McCool and the gang: family life in Donegal
By Gráinne McCool (@GrainneMcCool)
Hey all. I’m Gráinne McCool, from the village of Muff in Donegal.
Please don’t snigger when you hear the name ‘Muff’. We do know the connotations associated with it and it’s long played out now with us locals.
Muff is a little treasure trove of a village in North West Donegal, and bordering the wonderful city of Derry.
I am a Mum to three young men and wife to one young (he wishes) man. I was born just a few miles from here in Quigley’s Point.
I lived in London during college summers, Shannon in Co Clare for a few years after college and then New York for a few short months after marriage (mind you my husband didn’t accompany me to New York, but that’s a whole other story.)
My husband Paul and I eventually settled in this fabulous village in 1993 and have no plans of leaving any time soon.
My eldest son was born in 1991 (yeah, I went against convention and had him outside of wedlock) and then son number two came along in 1994.
I worked from home writing CV’s for folk and had planned to return to the workforce over the next couple of years. I soon found a job as a local secretary and settled in.
Then in January 1998, son, number three arrived.
It was then that I made a conscious decision to become a full-time mum. And so my life was soon taken over with cooking, cleaning, homework, football games and then all over again.
I loved it but there was always something missing. I think it was just a little bit of me that was missing.
So in 2005 I decided to take the plunge and return to education. To begin with it was just part-time and after two years I had successfully completed a Higher Education Certificate in Irish Literature.
I didn’t stop there. I was finding myself enjoying this studying malarkey and wanted more. And so the undergraduate study began.
In 2008 I graduated with my BA Hons in English. I wanted more. In 2010 I graduated with an MA in Irish Literature in English. I think I was done studying.
By then my eldest son was finished school and embarking on his college journey.
And so I once again decided it was time to stay home and help him make the transition and help son number two prepare for Leaving Cert.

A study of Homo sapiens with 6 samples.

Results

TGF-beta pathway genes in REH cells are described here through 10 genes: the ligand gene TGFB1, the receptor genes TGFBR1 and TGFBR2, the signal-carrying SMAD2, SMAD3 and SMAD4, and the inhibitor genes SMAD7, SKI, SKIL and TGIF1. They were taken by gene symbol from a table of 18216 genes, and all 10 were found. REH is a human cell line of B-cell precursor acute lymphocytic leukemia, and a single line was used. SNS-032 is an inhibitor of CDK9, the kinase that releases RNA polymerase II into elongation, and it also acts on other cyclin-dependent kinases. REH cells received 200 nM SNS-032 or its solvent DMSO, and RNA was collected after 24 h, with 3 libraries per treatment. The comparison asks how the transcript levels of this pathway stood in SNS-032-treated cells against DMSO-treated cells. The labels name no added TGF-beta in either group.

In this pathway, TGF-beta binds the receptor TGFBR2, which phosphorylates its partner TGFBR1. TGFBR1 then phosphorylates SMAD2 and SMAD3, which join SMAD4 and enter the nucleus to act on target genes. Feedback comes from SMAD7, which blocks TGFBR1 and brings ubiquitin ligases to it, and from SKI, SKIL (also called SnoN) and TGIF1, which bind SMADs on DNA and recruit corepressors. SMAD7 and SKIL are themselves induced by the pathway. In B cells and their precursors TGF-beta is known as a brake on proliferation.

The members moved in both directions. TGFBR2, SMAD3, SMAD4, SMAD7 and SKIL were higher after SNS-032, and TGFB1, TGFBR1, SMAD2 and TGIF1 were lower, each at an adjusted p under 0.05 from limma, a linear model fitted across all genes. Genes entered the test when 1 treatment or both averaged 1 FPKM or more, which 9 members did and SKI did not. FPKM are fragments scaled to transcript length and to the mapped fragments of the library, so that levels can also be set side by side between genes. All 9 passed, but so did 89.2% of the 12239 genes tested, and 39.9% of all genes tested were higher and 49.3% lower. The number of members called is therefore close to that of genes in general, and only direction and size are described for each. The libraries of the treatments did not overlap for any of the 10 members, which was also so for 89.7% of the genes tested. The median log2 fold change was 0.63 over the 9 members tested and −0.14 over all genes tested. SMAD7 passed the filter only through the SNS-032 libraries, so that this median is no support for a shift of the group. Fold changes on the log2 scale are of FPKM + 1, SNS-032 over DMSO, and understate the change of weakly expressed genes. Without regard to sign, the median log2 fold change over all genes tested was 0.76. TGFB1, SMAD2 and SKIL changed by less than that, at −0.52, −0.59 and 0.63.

During these years I was penning book reviews and music reviews for some publications and in 2013 I began contributing on a regular basis to Irish Music Magazine.
In 2014, I began blogging with Mummy Pages. I think it was here that I really felt at home in my work.
Writing about my experiences as a mum just felt right. I’m not a perfect mum but no one is. I do have 24 years of experience and am still doing it so I think that leaves me pretty well qualified.
With the baby turning 18 in January I feel very privileged and lucky getting this far reasonably trouble free.
On January 1, 2015 I set up my own business, The WRITE STUFF. Here I freelance for Irish Music Magazine, proofread student’s work, prepare CV’s and cover letters for people and put words together for many other folk too.
During the summer I started a local children’s creative writing and reading group. Now known as ‘The WRITE STUFF Kids Club.’
We meet one Saturday per month and fuel those imaginations with writing and reading. It gives me such pleasure seeing the little ones enjoying penning their stories and reading for the sheer enjoyment of it.
And here I am now hoping to pen some words with this amazing new online news site.
I’m hoping to offer some worldly wise parenting advice, share my parenting experiences, both good and bad, and maybe even mention himself who’s stuck with me for 25 years. Not sure what we’re doing right but we’re still having a ball.
I’m looking forward to all that lies ahead and look forward to writing for you all again soon. From the village of Muff, Co. Donegal, have a great day.
4 thoughts on “McCool and the gang: family life in Donegal”
Hi Grainne, is paul by any chance from Lisburn? If so say a big hi. I lived across the green from him. Tell him to get in touch any time. Rgds paul neill
Ps… Writing I adore!
Hey…that’s him. Forward an address or email to me at firstname.lastname@example.org
Thanks for kind words. G 🙂
Hi Paul. My Paul is indeed that one from Lisburn all those years ago. Do get in touch or send on a number or email to email@example.com
Sorry to resurrect this old post, but that explame is fascinating. Born Dublin 1983, I grew up speaking more or less the dialect described above with the odd regional marker (while my brother, in the same house, had a noticeable Dublin accent.) As a child, there was a tendency among my peers which used to bug me no end. When assuming a character in a pretend game (be it manipulating a Barbie doll or playing mammies and daddies (as we called playing house ) ) other girls my age would invariably speak in as American an accent as they could when speaking in character. I found it jarring and thought it ruined the verisimilitude of the game, but I was an odd child. I don’t know if they even knew they were doing it, and they all sounded recognisably Irish when not playing pretend, or when playing and not speaking in character.So, definitely a form of code-switching, reserved for one very specific circumstance only. A performance or dramatic dialect, maybe?